Investing success relies more on patience and discipline than return on investment. It can also require pain and sacrifice. Yet, many focus so intently on potential returns and trying to predict the future. Instead, focus on what you can control. The biggest risk to investing success is bad investor behavior, not the investment.
If you are suffering from any of the following feelings about your investments, there is hope. If left untreated, these feelings can lead to poor results, falling short of goals, and a lackluster retirement.
Investor Behavior: Are You Suffering From These?
Overconfidence: A recent string of investments that have performed well can lead to overconfidence when it comes to investment selection. This can cause one to focus on the potential upside of investments while de-emphasizing the potential downside. Overconfidence is very similar to the “hot hand fallacy” in basketball. Assume a player is on a hot streak and has made the last five shots in a row. You assume the player will make the next shot. It might also cause the player to make an ill advised shot.
Assume that you picked some stocks that subsequently rose during the last several months. Your perceived success in picking stocks may be less attributable to you and more attributable to other factors. Was it really your wisdom that led to the results or was is due to a rising market or simply luck? This is where so many investors go wrong and it’s an excellent reminder of investor behavior to be avoided.
Many investors become overconfident and assume a sell off in stocks due the Dow Jones Industrial Index crossing the 20,000 mark. The fact that stocks are at all-time highs doesn’t mean a downturn is right around the corner. Regardless of the current level of the stock market, one should always assume that a downturn is possible. Rather than assuming a stock sell off is near just because markets have risen, just assume there could be a pullback at any time.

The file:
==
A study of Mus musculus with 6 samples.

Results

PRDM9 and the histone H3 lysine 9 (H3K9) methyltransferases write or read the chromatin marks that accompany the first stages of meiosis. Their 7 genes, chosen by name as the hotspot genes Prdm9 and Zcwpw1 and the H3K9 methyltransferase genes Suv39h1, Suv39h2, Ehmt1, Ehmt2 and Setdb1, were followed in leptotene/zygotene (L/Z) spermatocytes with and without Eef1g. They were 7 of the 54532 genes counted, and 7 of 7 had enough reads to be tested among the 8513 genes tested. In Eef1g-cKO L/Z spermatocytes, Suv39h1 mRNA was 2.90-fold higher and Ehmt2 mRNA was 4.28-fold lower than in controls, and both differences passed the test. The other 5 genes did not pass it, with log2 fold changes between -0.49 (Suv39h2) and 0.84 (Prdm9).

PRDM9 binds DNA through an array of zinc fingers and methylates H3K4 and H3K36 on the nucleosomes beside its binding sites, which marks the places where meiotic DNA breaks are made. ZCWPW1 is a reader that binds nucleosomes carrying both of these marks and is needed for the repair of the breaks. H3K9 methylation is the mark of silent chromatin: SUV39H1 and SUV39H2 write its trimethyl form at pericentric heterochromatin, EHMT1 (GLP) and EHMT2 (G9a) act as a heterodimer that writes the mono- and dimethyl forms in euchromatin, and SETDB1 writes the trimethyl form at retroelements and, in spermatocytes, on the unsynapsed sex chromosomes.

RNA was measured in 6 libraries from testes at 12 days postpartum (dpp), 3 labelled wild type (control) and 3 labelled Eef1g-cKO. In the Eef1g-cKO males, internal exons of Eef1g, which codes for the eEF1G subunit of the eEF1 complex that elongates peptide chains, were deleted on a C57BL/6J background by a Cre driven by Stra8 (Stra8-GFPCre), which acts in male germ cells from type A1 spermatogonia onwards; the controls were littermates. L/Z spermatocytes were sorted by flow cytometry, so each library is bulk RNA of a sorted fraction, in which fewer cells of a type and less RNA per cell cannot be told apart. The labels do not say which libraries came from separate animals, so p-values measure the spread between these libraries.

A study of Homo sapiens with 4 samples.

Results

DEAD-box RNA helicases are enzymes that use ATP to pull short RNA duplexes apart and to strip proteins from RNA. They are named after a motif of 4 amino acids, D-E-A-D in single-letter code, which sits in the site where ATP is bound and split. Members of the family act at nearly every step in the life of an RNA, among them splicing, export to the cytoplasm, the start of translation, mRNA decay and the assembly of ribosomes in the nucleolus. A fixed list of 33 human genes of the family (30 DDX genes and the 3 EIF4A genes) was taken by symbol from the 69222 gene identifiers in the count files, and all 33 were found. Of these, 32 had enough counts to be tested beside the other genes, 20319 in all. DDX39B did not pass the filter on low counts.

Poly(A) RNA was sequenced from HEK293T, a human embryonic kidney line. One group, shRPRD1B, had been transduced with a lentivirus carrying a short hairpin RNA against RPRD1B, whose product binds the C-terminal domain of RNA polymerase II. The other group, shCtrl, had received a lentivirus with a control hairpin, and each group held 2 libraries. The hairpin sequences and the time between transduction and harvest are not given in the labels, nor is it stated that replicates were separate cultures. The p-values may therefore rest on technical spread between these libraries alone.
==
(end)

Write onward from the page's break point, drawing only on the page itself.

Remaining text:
Hindsight Bias: There is an old expression that hindsight is always 20/20. According to Morningstar, the definition of hindsight bias is “believing that unpredictable past events, in retrospect, were obvious and predictable.” This can lead to feelings of regret and frustration and negatively effect future decisions.
The mortgage meltdown and subsequent financial crisis of the last decade can be used as an example of hindsight bias. There were a small number of people who saw these events coming and connected the dots. The Big Short by Michael Lewis goes into great detail about what led to the crisis and told the story of those who saw it coming.
But it wasn’t until after the crisis that everything became so clear. As we look back on what was happening in the real estate market and mortgage lending during that time, it is obvious how dangerous the effects would be on our financial system. But that is with the benefit of hindsight.
As the effects of the crisis eventually subsided, the fear remained. Many were convinced that financial markets would never recover and felt like another crash was right around the corner. They were wrong there too.
Short-Term Focus: If you focus too much on near term events, you risk making short term decisions that can negatively impact your long term results. The reality is that what happens tomorrow, next week, or next month will most likely have little impact on the long term results of an investment. Unless of course you react to it.
This is why many financial planners and investment advisors suggest a disciplined long term investment plan rather than trying to time the market. If you want to be a trader, that’s fine. I’m not suggesting that they are bad or doing it wrong. But trading is different than investing. This is especially the case if you are investing for the long term. Let your risk tolerance, investment objective, and time horizon be your guide and learn how to tune out the noise.
If you have a long term investment plan and you decide to wait for a pullback in the short term, you might find that the market has run up another 5%. What do you do then? Do you wait even longer for a pull back? Remember, at the beginning of 2016 when the Dow was down roughly 10% at around 15,800, there were plenty of reasons to suggest the market would continue to drop. Sentiment can change and change fast.
Investor Behavior and Investing Success
If you’re an investor and experience these feelings, there is hope. The sooner you can control these feelings and behaviors, the sooner you can be in control. Most of the things that affect our investments are outside of our control. What you can control is your behavior and how you react. If you focus on what you can control, you are on your way to investing success.